A research team compared the effect of four different prosthetic feet on lower-limb biomechanics during gait. They concluded that different prostheses induced different mechanical adaptations, and that gait analysis would provide measurement indicators that could point to a particular foot-ankle prosthesis.
For the study, a 34-year-old man with a transtibial amputation performed four gait analysis sessions with the Össur Variflex, Ottobock Meridium, Blatchford Echelon, and Proteor Kinterra foot-ankle prostheses to measure kinematic and kinetic parameters and gait symmetry.
The researchers found that the type of prosthesis had little effect on the participant’s spatiotemporal parameters, but increased hip angle, reduced knee flexion, and ankle dorsiflexion were observed on the prosthetic side throughout the stance phase. The data also indicated that for kinetic parameters, reduced propulsive force, reduced knee extension moment (mainly during Echelon and Kinterra conditions), and increased knee abduction moment (mainly during the Variflex and Meridium conditions) were measured in the residual limb, the study said.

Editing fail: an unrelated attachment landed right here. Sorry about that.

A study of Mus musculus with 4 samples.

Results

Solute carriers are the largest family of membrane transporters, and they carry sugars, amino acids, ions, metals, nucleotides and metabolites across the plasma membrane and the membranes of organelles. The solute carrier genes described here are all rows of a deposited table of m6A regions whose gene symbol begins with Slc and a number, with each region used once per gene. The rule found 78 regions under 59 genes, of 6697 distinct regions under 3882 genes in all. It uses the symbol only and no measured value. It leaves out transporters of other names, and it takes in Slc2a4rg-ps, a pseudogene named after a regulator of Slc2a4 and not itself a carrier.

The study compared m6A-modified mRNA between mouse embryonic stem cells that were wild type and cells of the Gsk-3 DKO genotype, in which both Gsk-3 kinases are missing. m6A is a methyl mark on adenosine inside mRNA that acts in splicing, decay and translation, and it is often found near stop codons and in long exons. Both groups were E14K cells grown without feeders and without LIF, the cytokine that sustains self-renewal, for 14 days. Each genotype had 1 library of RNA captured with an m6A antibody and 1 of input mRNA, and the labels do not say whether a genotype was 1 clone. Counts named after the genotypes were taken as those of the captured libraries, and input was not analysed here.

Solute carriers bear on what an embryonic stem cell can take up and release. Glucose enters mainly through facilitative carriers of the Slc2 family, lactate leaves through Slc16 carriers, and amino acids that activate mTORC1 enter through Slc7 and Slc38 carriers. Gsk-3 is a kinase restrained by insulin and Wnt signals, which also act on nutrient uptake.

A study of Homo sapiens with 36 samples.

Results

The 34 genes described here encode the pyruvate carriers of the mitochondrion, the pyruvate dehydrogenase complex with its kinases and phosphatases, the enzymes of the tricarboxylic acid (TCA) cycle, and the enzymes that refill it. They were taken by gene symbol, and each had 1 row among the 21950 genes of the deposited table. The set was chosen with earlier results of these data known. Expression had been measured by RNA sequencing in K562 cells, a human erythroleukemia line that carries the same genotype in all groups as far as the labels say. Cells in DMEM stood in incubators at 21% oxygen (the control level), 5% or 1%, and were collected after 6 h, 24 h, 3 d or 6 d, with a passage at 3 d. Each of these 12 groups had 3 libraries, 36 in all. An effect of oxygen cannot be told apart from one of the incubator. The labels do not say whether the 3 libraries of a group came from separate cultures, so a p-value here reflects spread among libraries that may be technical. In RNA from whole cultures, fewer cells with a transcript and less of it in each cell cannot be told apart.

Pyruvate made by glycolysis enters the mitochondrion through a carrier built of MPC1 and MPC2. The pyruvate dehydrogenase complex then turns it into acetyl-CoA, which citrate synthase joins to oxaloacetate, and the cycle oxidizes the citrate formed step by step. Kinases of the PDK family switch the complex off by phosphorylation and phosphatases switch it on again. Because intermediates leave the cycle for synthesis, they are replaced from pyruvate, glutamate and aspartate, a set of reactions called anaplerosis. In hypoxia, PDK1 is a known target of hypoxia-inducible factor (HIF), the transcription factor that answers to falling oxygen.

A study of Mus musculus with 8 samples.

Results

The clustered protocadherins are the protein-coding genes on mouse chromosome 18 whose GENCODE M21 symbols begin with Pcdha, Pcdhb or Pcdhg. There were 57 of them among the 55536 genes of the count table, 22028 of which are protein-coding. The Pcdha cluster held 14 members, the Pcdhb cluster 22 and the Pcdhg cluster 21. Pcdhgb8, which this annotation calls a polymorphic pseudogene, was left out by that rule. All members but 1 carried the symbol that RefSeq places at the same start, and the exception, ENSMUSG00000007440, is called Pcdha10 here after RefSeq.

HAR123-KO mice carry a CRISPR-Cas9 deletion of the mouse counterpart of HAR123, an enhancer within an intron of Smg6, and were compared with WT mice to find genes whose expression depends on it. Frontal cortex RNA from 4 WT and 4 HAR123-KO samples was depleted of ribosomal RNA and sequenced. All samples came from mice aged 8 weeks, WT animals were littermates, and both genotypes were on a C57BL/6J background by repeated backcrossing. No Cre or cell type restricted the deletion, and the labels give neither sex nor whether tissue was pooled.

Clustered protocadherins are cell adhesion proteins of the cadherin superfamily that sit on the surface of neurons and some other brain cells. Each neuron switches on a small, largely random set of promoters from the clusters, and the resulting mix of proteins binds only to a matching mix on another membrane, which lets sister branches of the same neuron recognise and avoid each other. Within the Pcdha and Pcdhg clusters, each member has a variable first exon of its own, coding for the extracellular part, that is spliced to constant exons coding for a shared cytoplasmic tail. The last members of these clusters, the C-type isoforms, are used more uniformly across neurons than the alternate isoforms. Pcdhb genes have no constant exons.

Lower support moments were observed on the prosthetic side as compared to the unaffected leg, regardless of the type of prosthesis. The prostheses induced different lower-limb mechanical adaptations.
The open-access study, “The Influence of Transtibial Prosthesis Type on Lower-Body Gait Adaptation: A Case Study,” was published in the Human Gait Analysis and Rehabilitation special issue of the International Journal of Environmental Research and Public Health.